I guess there are people out there who diligently download and digest everything Bradfox Cox posts on his notorious, frequently updated blog, but I’m guessing that those of us who aren’t perfectly up to date on Cox’s never-ending smorgasbord of digital EPs, virtual 7"s, and other musical ephemera aren’t missing that much. The occasional wade into deerhuntertheband.blogspot.com can turn up a gem (two faves of mine are his somnolent, fuzzy rendition of Neil Young’s “Only Love Can Your Break Heart” and the ghostly childhood flashback “Hunting Quail”), but one can only imagine how much better these tracks and others might sound were Cox to give each idea a few hours longer to gestate. In a situation familiar to anyone who looks at rap websites, instead of a handful of well-honed songs from Cox/Atlas Sound every six months, we get a dozen unfinished sketches every week. And the immensity of Cox’s talent is proven by the fact that we continue to find all this sonic marginalia even remotely compelling.
On the other hand, it’s easy to guess what Cox’s response might be to a request for more polish: Have you listened to Deerhunter lately? Those of us who had doubts after the murky fuzz of Cryptograms and the flimsy, overly intimate Let the Blind Lead Those Who Can See but Cannot Feel that Cox had the discipline to write a classic song were knocked on our asses by last year’s Microcastle. On that unapologetically ambitious album, Cox and his Deerhunter bandmates got professional real quick, incorporating a variety of influences, sounds, and emotions into an aesthetic program that wanted to be indie-rock’s new gold standard, which it nearly was.
In the wake of Microcastle, and the similarly enthralling Rainwater Cassette Exchange EP released earlier this year, I might be willing to give the newest official Atlas Sound record a pass: Sure, Bradford, go back to your navel-gazing doodles, and meanwhile I’ll wait for the next Deerhunter rockbomb. The interesting thing about Logos, though, is while the album does conform to the usual Atlas Sound tropes of static-y stopgaps, loopy experiments, and half-baked pop songs, it’s actually pretty damn good. Part of the reason for this is that Cox is simply improving—as a songwriter, a musician, and a sculptor of sound. Another component of Logos‘s success is the widening of Cox’s social circle, the fruit of which comes in a pair of blog-bait collaborations with indie stars Panda Bear of Animal Collective and Laetitia Sadier of Stereolab.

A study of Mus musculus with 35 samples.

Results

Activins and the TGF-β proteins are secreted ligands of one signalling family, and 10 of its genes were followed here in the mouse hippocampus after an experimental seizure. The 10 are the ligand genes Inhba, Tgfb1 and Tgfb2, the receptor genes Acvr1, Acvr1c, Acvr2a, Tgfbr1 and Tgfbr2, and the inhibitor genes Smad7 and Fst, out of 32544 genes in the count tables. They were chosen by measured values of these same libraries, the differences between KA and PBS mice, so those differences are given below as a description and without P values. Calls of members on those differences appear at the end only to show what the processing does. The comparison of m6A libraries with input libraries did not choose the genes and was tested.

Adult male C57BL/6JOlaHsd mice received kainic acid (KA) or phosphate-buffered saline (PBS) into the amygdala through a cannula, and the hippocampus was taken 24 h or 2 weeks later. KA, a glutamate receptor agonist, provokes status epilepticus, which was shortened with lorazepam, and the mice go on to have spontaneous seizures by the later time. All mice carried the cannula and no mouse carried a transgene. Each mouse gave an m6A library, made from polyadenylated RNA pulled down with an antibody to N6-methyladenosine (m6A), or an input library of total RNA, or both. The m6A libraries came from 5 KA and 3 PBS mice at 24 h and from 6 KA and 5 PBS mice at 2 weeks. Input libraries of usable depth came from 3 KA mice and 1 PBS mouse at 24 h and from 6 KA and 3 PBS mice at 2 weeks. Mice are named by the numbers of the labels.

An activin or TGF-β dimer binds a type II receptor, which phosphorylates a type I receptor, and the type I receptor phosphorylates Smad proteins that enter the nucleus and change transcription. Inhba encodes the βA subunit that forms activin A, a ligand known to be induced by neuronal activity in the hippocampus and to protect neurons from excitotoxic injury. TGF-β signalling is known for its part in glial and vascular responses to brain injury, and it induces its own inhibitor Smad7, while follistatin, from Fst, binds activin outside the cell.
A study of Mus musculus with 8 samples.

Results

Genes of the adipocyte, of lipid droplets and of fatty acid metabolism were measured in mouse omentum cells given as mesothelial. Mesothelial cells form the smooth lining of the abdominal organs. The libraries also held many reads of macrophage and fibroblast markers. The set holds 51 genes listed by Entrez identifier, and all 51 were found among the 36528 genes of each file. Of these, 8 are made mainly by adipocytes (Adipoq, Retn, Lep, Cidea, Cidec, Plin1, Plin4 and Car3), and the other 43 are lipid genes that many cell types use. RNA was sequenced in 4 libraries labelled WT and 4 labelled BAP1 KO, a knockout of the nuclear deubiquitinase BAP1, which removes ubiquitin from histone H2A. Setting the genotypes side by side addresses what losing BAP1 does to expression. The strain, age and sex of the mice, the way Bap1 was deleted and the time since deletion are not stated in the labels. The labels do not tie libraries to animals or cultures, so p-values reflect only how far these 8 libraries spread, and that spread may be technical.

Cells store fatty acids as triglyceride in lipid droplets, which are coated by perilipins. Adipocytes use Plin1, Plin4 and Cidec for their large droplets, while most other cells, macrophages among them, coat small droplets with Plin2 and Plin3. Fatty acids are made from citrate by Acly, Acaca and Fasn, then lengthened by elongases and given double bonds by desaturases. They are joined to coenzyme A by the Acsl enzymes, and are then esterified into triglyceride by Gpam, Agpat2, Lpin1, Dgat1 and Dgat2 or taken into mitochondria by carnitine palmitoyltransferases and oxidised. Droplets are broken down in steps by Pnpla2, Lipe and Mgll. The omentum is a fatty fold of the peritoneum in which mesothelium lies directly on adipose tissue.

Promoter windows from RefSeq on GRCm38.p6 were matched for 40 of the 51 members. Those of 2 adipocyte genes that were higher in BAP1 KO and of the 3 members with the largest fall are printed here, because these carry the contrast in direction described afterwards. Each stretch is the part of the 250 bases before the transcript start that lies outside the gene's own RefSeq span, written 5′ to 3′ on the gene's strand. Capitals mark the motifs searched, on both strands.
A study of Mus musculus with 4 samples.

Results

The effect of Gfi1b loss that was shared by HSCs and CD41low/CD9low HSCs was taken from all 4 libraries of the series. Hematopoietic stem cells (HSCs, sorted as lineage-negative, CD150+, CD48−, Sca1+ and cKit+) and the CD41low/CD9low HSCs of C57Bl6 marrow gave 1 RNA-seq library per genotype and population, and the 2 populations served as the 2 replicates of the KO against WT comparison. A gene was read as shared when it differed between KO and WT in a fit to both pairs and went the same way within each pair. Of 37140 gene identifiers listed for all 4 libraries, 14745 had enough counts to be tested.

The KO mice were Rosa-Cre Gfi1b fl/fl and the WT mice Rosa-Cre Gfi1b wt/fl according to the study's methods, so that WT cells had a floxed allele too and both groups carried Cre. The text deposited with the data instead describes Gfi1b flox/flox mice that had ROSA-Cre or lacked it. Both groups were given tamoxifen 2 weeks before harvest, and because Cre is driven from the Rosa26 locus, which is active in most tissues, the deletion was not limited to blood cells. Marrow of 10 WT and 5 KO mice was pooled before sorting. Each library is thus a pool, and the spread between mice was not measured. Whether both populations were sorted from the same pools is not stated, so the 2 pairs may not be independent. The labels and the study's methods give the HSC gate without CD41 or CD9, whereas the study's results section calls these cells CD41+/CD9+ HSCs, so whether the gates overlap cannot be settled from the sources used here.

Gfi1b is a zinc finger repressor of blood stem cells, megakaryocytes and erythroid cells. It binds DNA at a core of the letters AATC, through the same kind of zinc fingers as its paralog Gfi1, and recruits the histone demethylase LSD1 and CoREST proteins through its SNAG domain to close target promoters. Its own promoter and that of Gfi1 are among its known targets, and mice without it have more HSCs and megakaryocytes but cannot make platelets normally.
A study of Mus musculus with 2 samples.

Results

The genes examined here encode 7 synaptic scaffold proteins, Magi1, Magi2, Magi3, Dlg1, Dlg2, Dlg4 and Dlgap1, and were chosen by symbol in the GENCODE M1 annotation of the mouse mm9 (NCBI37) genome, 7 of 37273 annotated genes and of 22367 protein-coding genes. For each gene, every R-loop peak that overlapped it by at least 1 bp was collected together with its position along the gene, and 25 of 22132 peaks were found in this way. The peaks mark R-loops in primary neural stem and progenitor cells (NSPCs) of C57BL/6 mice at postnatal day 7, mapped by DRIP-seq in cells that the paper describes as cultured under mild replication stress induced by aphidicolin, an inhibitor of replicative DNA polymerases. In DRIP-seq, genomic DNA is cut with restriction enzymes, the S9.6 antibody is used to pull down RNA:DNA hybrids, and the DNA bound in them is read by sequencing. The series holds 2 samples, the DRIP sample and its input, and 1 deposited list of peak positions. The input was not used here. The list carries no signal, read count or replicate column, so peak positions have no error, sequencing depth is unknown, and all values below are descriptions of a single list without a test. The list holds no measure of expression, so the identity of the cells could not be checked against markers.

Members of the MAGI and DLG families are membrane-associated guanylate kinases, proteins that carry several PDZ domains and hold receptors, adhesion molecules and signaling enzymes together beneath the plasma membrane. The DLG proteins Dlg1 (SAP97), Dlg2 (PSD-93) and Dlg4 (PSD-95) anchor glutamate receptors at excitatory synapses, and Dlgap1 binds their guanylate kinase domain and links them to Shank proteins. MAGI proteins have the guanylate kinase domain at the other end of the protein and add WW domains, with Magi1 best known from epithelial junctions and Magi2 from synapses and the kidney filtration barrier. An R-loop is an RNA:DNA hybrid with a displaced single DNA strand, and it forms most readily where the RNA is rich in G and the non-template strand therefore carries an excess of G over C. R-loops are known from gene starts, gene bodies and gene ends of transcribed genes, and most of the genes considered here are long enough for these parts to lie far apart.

One barrier—or inducement, depending on how intimately you like to know your rock stars—to enjoying Blind was Cox’s unrepentant introspectiveness, in which the album’s lyric sheet read like a minimalist teenage diary with entries about unrequited love, lunchroom awkwardness, and shitty after-school jobs. The lyrical preoccupations on Logos are more varied and abstract, touching on morality, natural beauty, and love in terms ambiguous and relatable. Of course, Cox’s infamous morbidity is always close at hand. Standout “Sheila” is ‘60s pop cooked in shoegaze feedback, its amorousness dressed in gothic garb: “And when we die we’ll bury ourselves/‘Cause no one wants to die alone.” Moody, resonant “Criminals” also bears the stylings of this year’s favorite decade, but the atmosphere is more “Norwegian Wood” than “California Girls.” This strummy, post-acid-trip comedown is Logos‘s dominant mode, and is played to great effect on these songs and others, like the minor-key shuffle “An Orchid” and the bluesy mope of “Attic Light.” Where on Blind Cox’s favored accessory to muse-chasing was an affects synthesizer, this time around it’s an acoustic guitar, and though the album is still more geared toward soundscapes than conventional song structures, it’s a lot easier to sink your teeth into.
Although most of Logos is marked by a bedroomy vibe, its two most notable tunes stand in contrast to the rest of the album: “Walkabout” with Panda Bear and “Quick Canal” with Sadier. “Walkabout” was an especially big hit with bloggers and mixtape makers this summer, and you’d have to be pretty thick not to see why. The song is a near-perfect amalgamation of Animal Collective and Atlas Sound’s respective attitudes, shooting through a tight, damp space with stabs of sunshine harmonies and sampled drums. “Quick Canal” is not as immediately grabbing as “Walkabout,” but in the end the collaboration comes off just as successfully. Sadier’s dreamlike vocals swim through swirls of disco beats and guitar effects while Cox trails after her, the two voices meeting at the four-minute mark only to ascend for another four minutes above a squall of pulsing static, the kind of epic coda Stereolab perfected on songs like “Crest” and from which Cox must have derived a ton of inspiration.
At this point it’s doubtful that Cox will ever let Atlas Sound overshadow Deerhunter. The boundaries between the two groups are certainly porous; just as there were moments on Microcastle where Deerhunter sounded like Atlas Sound, there are portions of Logos that are very Deehunter-esque. But of the two projects, Atlas Sound is the venue for more far-flung explorations and less disciplined attempts at envelope-pushing, and so far the results of that mission have been predictably mixed. Logos is the first time, though, that an Atlas Sound project has cohered as something fully outside of Deerhunter, becoming something interesting and independent enough to stand on its own. The album is intimate, tuneful, and exciting. You don’t even have to know who Bradford Cox is to get a lot of enjoyment out of Logos, and that’s saying something indeed.